Gabeba Baderoon: The Dream in the Next Body

Gabeba Baderoon’s first collection teaches us the art of Parallax and the gut-wrenching pangs of distance.

by Alex Ashford

Gabeba Baderoon. The Dream in the Next Body. Kwela Books, 2005. (61 pages)

After a quick skim through Gabeba Baderoon’s first poetry collection The Dream in the Next Body, stopping here and there to read a few lines from a poem (usually a short one) with a catchy title, I’d decided the book was a bit disappointing.  I’d bought it in the first place because I’d never read anything written by a South African—and a woman at that. I expected the first few poems I flipped through to exhibit the kind of warfare and suffering anyone might expect from an African writer.  I think I may even have expected the African version of Suji Kwock Kim’s Notes From the Divided Country.  When the tension in the collection proved to be less obtrusive, I lost interest.  As an Afro-Diasporic writer myself, I was unsure there would be anything in her collection I could really connect with.

Weeks later, it was still on the coffee table.

I had to admit the book was pretty, the title typed in a wispy ethereal font across what appears to be a bare wall shadowed in a gradient of browns, exuding mystery and other-worldliness.

I decided it was worth another look.

In the opening poem, “True,” the speaker opens:

To judge if a line is true,

Banish the error of parallax (1-2)

Parallax is defined as the “displacement or difference in the apparent position of an object viewed along two different lines of sight.”

The most important aspects of parallax are distance and perception. The speaker of this poem invites us to “banish the error of parallax” which is essentially caused by an error in human perception directly affected by their distance from the object of interest.  The body of work is characterized by poems that are essentially meditations, and meditations are inward journeys aimed toward discovering some elusive truth.  The truth, however, is found in the transcendence of meditation.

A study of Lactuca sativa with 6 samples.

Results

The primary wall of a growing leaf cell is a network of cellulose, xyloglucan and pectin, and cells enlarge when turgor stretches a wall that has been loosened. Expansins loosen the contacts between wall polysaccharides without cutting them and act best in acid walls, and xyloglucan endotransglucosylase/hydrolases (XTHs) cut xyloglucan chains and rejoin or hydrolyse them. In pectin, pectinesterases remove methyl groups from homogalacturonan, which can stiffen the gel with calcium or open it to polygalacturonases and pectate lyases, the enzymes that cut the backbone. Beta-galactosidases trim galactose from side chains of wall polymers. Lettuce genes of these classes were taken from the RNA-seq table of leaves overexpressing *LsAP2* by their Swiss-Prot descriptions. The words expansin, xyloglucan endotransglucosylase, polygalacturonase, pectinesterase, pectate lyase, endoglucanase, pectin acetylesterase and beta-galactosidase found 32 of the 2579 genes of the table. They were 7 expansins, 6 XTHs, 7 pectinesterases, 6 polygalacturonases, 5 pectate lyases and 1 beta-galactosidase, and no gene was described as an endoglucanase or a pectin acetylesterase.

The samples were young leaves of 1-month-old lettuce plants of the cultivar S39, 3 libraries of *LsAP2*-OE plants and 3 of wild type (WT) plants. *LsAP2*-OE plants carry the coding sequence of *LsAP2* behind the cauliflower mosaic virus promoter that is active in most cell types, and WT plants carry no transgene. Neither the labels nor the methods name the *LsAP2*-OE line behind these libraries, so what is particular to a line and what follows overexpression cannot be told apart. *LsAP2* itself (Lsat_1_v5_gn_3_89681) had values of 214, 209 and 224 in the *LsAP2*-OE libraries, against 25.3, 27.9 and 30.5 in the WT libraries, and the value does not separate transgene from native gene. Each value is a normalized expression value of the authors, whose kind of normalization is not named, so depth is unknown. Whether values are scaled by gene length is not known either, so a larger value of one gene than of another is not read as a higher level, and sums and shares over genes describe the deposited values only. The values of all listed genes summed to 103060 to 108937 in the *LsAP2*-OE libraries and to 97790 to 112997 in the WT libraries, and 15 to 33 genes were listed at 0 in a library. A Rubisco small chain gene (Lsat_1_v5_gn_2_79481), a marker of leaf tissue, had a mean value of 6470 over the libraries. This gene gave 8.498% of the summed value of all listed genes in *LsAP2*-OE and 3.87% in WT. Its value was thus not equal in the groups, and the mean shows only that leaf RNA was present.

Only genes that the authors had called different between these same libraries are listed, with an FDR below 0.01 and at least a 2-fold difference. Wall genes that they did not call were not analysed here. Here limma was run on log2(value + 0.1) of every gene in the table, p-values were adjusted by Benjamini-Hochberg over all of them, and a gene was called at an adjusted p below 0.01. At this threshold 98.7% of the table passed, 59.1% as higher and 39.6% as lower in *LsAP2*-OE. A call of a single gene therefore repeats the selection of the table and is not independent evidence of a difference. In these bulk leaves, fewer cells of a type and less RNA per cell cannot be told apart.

The strength of the collection are the short, spare poems sprinkled throughout the 61 page text.  Poems like “Cinnamon” croon demure, soft language emboldened by the pleasure of desire.  The poem reads:

I find you

open as a tent.

You are cinnamon

Curved around me (6-9).

Poems like “How to Find Something Lost” and “The Art of Leaving” pay homage to the poetry of Elizabeth Bishop, while poems like “The Call” cement Baderoon in my canon of favorites.  The speaker recalls a telephone conversation with her mother as she is preparing to move away.  The speaker concludes:

Across the growing distance

I hear her voice receding from me.

I make her leave me

So I can be still (25-28).

The speaker here grapples not only with physical distance, but with emotional distance as well.  The “mother” figure in this poem is not just the biological mother of the speaker, she is a symbol of Africa.  Baderoon, having come of age during Apartheid said in one interview “Apartheid aimed, like a religion, to shape everything in our lives” (Ede).  She goes on in the interview to explain that she thought Apartheid had been unsuccessful because people resisted.  The speaker at the end of this poem forces her mother to leave her so she can “be still.”  In essence, a simple poem about a daughter moving far away from her mother is also a dialogue between Apartheid and one of its daughters.  Only this daughter breaks free.

What I found among the reticent confines of the collection was an edginess I didn’t expect—a coyness that I connected to as a woman.  The collection lacks any clear indicator that the poems are divided in any way.  Unlike most poetry books, there are no sections—none of the characteristic dividers marked by roman numerals or short lines meant to introduce or sum up the theme of the poetry in those sections.  Instead there is an interspersal of poems in various lengths and formats that make the impression from even the briefest flip through its pages, that whatever theme this poet is working with, she believes in its many manifestations—she is a dreamer.  Each poem is its own dream.  Told from points of view that could belong to separate people continents apart or simply the complex journey of one speaker, Baderoon manages to be both soft and grave, simple and intelligent in this dream catcher of a collection.

Ede, Amatoritsero.  “Beauty in the Harsh Lines.”  Sentinel Poetry Online 37.3 (December 2005).